The West Midlands Combined Authority will allow the region to shape its own future in a way previously impossible. The responsibility weighs heavy on those leading this huge change. Following a Devolution Roundtable with Birmingham Future’s Infrastructure Committee, Story’s Sophie Drake, a member of the committee takes a look at the key ingredients which will make a smooth, successful and sustainable devolution through the eyes of those responsible for building the offices, homes and roads for the next generation….
What is devolution?
Devolution gives those at the forefront – in this case the 12 local councils and three local enterprise partnerships (LEPs) that will make up the West Midlands Combined Authority (WMCA) – control over decisions and budget on transport, infrastructure, housing, business and skills, and perhaps even healthcare. As part of the agreement, Whitehall has committed to making an annual contribution of £40million for 30 years to support its activity.
Worth a potential £8 billion and 500,000 jobs to the West Midlands economy, as outlined in its proposal – devolution has the potential to accelerate further growth and put the region on the map. Getting it right has never been more important and here, amongst the discussion at the recent Devolution Roundtable with Birmingham Future’s Infrastructure Committee, there were three key pillars which everyone involved should focus on, according to those at the meeting.
- Birmingham needs a ‘Boris’
Like him or loath him, Boris was a figurehead and a champion for London – and the Birmingham Mayor must have a similar presence in order to be able pull together the many political and public sectors strands, whilst being able to understand the business landscape fully. With great power comes great responsibility – and Spiderman references aside – there is a serious message here. As the face for the combined authority, the mayor will get the benefits of celebrating its successes but will also be held accountable for its failures. It’s not a job for the feint hearted. The choice of the voters next May will undoubtedly have a huge impact on the success of the combined authority.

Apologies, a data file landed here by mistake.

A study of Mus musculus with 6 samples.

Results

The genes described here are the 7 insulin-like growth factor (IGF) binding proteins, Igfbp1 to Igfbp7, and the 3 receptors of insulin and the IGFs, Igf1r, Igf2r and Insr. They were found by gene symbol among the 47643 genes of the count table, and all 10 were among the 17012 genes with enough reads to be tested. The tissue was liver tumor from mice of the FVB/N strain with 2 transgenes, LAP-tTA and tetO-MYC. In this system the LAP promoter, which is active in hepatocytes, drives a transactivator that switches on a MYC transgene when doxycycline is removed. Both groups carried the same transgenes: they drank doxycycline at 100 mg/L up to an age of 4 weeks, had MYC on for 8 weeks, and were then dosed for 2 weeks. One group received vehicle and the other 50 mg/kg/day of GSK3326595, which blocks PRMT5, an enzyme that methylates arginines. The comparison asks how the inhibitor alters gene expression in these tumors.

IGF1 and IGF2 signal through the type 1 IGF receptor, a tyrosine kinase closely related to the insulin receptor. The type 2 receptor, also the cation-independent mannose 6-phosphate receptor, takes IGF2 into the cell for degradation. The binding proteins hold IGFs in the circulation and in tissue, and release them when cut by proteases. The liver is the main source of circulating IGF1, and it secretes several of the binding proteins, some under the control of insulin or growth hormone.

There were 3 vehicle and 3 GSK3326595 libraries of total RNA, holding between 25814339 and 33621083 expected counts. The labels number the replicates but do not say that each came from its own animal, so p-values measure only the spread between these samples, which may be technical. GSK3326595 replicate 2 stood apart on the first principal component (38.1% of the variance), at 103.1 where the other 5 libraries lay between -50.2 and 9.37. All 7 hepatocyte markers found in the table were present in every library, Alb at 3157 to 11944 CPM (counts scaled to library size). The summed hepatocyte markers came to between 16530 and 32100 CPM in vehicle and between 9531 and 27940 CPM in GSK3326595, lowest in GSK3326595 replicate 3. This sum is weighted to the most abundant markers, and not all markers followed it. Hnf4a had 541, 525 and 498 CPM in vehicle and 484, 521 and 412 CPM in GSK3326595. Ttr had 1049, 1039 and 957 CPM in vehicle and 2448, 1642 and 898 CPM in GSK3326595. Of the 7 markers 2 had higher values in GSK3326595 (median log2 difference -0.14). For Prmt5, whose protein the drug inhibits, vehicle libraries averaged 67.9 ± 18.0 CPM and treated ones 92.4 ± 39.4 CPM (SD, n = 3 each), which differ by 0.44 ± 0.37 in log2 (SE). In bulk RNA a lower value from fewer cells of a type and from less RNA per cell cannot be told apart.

- Housebuilding balance across the WMCA must be addressed
The barriers to housing differ from one area to the next. Land remediation is vital for the Black Country to enable them to increase housing supply, but for Solihull and Coventry the priority is to deal with connectivity issues for existing homes. Pair this with a lack of suitable land and a post-recession shortfall of small to medium house builders/developers and the complex picture of housing begins takes shape.The need for collaboration in putting together the WMCA deal has meant this problem is already being looked at as one, rather than many pieces in a puzzle. Work already being done by the local authorities and the LEPs to encourage public and private sector partnerships to deliver housing is encouraging, as well as the exploration of public sector delivery of housing. Now that the region understands what boxes it needs to tick and where the money needs to go to, for example land remediation or investment funds, the foundations are there for developers, investors, landowners and local authorities to build on (literally) to begin to plug the gap in housing.
- No fixed pathway
Looking to Manchester, it is clear that the devolution process is not a fixed path. Greater Manchester has done very well to review and build on its deal having had two devolution agreements since its inception in 2014. As it has built trust it has been able to develop areas like healthcare, business rates and SME support and public service reforms. The region will not only carve its own path, but make sure that devolution works for the next generation to take on and take forward.